There is a certain beauty in seeing a movie that was filmed in a place you know well, maybe even call home. Many people feel that brief thrill and pride in recognizing local landmarks and favorite hangouts. However, that experience is completely foreign to most Basotho. Until now.
The Forgotten Kingdom is the first full-length feature film to be shot in Lesotho. The movie tells the story of a young Masotho named Atang living in Johannesburg and estranged from his homeland. He begrudgingly returns to Lesotho to bury his father, but gradually reconnects to his country through old friends and new acquaintances who teach him the value of Lesotho. There is more to the mountain kingdom than first meets the eye.
On the first of March, The Forgotten Kingdom premiered in Maseru. The debut screening was an event studded with stars, VIPs, and a theater filled with Basotho eager to watch a film not only about their nation, but in the Sesotho language. In the days following the premiere, the director and a team of crew began touring around Lesotho – returning to the communities where the film was shot and sharing the finished product with hundreds of Basotho.
TTL has supported this project and helped coordinate the screening to take place tonight in Phuta and tomorrow in Mokhotlong camp town. In return, our Managing Director ‘M’e Nthabeleng was invited to attend the premiere in Maseru; she knew little of what to expect that evening.
I asked her to reflect on the experience and share her thoughts:
‘M’e Nthabeleng, tell us about The Forgotten Kingdom. What did you like about the movie?
For me, I really appreciated that the movie is in Sesotho, so it’s easy for many Basotho to understand. This is such a great opportunity for Basotho to connect with their stories and country. Some of our Basotho actors were a part of the movie, which also makes me so proud. This was really a movie about Lesotho and for Lesotho.
How did the movie portray Lesotho? Do you think this was accurate?
I think it showed many different parts of the culture of Lesotho – you could see people working in the fields and the traditional dress and dances – and the landscape in different areas of the country. It showed what Lesotho is really like.
Part of the movie showed some people’s real response to HIV – the stigma in the rural communities. The father’s shame over his daughter’s illness forced him to move to an entirely different part of the country. Even though the stigma is lessened today, it remains a problem. Fortunately the movie also portrayed the support systems that exist in Lesotho for HIV+ people. There is education available and clinics that can help provide treatment. That was really important to show.
Would you recommend the movie to your friends?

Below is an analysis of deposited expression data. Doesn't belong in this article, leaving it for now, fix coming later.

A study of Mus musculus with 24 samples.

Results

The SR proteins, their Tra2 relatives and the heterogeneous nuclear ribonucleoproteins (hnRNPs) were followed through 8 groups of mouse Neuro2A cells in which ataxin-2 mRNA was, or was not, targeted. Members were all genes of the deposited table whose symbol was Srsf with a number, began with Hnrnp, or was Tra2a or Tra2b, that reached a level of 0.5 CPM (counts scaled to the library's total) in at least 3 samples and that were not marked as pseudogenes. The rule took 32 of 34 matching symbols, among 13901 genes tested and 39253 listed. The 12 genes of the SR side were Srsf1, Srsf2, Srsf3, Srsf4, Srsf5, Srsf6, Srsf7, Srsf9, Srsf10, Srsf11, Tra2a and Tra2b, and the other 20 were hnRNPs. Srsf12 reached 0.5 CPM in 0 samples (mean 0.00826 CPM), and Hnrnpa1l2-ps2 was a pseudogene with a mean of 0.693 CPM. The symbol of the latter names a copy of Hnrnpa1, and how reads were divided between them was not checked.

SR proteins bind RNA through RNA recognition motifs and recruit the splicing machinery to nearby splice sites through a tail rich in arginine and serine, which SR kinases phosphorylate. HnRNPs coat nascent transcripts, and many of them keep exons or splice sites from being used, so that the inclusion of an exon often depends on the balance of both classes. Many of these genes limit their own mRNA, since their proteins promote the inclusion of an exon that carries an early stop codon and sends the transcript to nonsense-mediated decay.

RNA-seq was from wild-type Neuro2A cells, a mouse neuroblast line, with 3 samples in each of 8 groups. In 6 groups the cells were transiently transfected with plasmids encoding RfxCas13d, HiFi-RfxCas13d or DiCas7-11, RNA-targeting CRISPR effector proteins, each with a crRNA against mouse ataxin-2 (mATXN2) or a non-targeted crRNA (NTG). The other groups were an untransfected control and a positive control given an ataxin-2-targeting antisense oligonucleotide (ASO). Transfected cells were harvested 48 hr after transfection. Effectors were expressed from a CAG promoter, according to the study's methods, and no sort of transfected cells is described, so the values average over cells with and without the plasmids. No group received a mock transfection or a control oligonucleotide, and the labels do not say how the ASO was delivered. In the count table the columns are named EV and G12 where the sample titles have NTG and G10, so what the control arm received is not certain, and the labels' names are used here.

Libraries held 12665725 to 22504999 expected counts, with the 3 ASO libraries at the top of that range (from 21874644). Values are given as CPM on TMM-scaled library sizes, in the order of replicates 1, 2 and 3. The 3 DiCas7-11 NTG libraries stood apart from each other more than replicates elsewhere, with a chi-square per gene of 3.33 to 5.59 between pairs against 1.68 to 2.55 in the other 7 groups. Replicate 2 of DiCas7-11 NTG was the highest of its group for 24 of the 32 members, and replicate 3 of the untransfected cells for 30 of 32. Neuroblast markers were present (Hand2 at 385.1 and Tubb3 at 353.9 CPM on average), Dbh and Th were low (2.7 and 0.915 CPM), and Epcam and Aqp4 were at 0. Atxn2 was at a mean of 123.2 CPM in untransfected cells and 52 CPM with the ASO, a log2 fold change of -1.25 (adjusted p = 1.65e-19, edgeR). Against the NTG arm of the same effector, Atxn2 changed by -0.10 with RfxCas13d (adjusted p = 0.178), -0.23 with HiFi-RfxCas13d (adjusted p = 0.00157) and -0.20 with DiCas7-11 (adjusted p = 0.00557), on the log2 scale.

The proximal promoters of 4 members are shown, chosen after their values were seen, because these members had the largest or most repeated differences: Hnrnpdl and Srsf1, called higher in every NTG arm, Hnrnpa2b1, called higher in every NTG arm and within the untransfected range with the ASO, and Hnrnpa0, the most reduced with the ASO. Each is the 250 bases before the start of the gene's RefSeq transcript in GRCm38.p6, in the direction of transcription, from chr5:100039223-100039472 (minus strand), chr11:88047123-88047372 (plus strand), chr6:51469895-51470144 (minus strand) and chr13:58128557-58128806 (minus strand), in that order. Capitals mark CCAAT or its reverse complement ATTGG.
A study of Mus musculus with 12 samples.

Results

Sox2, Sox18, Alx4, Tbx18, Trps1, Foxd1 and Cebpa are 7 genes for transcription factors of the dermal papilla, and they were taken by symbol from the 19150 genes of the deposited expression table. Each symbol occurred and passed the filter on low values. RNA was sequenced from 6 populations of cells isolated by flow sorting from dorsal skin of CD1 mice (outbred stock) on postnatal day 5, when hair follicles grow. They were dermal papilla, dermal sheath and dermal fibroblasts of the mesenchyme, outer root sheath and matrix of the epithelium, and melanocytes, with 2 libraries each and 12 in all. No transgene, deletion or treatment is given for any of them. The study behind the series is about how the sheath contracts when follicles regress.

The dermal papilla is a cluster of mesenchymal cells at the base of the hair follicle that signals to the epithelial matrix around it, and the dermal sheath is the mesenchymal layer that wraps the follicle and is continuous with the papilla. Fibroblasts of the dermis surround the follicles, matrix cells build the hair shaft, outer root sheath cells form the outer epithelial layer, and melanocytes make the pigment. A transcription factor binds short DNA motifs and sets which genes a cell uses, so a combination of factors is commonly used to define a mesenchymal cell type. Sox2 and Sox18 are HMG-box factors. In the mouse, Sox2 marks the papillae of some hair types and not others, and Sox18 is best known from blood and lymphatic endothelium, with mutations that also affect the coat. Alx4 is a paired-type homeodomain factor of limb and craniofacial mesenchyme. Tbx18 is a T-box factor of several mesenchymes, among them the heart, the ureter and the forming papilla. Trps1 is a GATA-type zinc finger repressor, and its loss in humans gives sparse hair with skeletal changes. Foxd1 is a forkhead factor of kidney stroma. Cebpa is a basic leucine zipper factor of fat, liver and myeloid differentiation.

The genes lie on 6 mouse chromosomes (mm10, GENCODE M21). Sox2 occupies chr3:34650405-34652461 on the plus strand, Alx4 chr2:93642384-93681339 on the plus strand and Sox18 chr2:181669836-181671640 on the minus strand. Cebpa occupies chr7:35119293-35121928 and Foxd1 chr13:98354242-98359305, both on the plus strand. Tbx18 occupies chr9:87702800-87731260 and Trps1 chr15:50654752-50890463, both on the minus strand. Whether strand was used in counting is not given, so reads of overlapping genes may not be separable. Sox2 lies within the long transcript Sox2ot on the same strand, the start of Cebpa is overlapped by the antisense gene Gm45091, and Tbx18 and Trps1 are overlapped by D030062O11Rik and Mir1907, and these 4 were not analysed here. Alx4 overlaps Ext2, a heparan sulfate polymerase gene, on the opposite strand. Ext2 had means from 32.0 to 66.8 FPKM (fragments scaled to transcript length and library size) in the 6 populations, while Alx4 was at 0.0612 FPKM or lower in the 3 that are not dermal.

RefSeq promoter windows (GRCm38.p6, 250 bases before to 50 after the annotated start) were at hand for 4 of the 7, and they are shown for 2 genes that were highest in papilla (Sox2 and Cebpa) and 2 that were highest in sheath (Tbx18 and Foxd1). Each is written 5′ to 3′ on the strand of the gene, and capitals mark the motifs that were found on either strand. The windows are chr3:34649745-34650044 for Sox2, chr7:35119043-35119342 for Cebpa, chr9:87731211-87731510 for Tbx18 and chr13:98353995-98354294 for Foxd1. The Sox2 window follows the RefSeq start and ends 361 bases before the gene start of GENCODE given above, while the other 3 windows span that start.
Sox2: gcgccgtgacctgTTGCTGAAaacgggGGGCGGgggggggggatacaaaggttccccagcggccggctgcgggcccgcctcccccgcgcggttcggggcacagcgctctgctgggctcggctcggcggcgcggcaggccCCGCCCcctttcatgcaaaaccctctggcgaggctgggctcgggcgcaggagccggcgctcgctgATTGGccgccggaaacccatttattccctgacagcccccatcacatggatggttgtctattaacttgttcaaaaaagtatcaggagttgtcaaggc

Yes – that’s an easy one!
Describe your reaction when you first saw the VIPs.
I was sitting in the audience and all of a sudden, voilà! One row behind me was sitting the Prime Minister and the royal family, which showed how important the movie is to Lesotho. It was a really great moment and one I was not expecting.
I had never been to that slick movie theatre before – every time I’m in Maseru I’m so busy I never have the opportunity to relax and enjoy the city. This gave me the chance to enjoy my capital city, meet some actors (and take pictures with them!), and feel proud of Lesotho.
Who were you most excited to see/meet?
I was most excited to meet Zenzo Ngqobe (who plays Atang) because I had seen him in other TV shows. Also, the little boy (Lebohang Ntsane) because he did such a great job in the film. Oh and don’t forget Lillian Dube. Everyone, really!
What was the best part about the entire evening?
Oh my gosh, at one point while I was trying to take a picture with Zenzo I knocked over one of the waiters and broke a whole tray of glasses. He kept asking if I was okay, which I was, but I was so excited I forgot to help clean up! It was so nice to have a night out and meet celebrities and hang out with friends. Also the food was so good.
Anything else you’d like to share?
I want to thank Andrew Mudge (the director) because this is a really life-changing experience for Basotho, especially in the rural areas. For an American to make such a beautiful movie about Lesotho and then bring it to show the Basotho shows real love and respect for the culture. He could have made and produced this movie and then only showed it in America. I feel, on behalf of the full Basotho community, I should extend thanks. I am really touched.
The TTLF Fellow is a representative of the North American organisation Touching Tiny Lives Foundation. Based for one year in Mokhotlong, Lesotho, the TTLF Fellow serves in an administrative support capacity for the Basotho charity Touching Tiny Lives (TTL).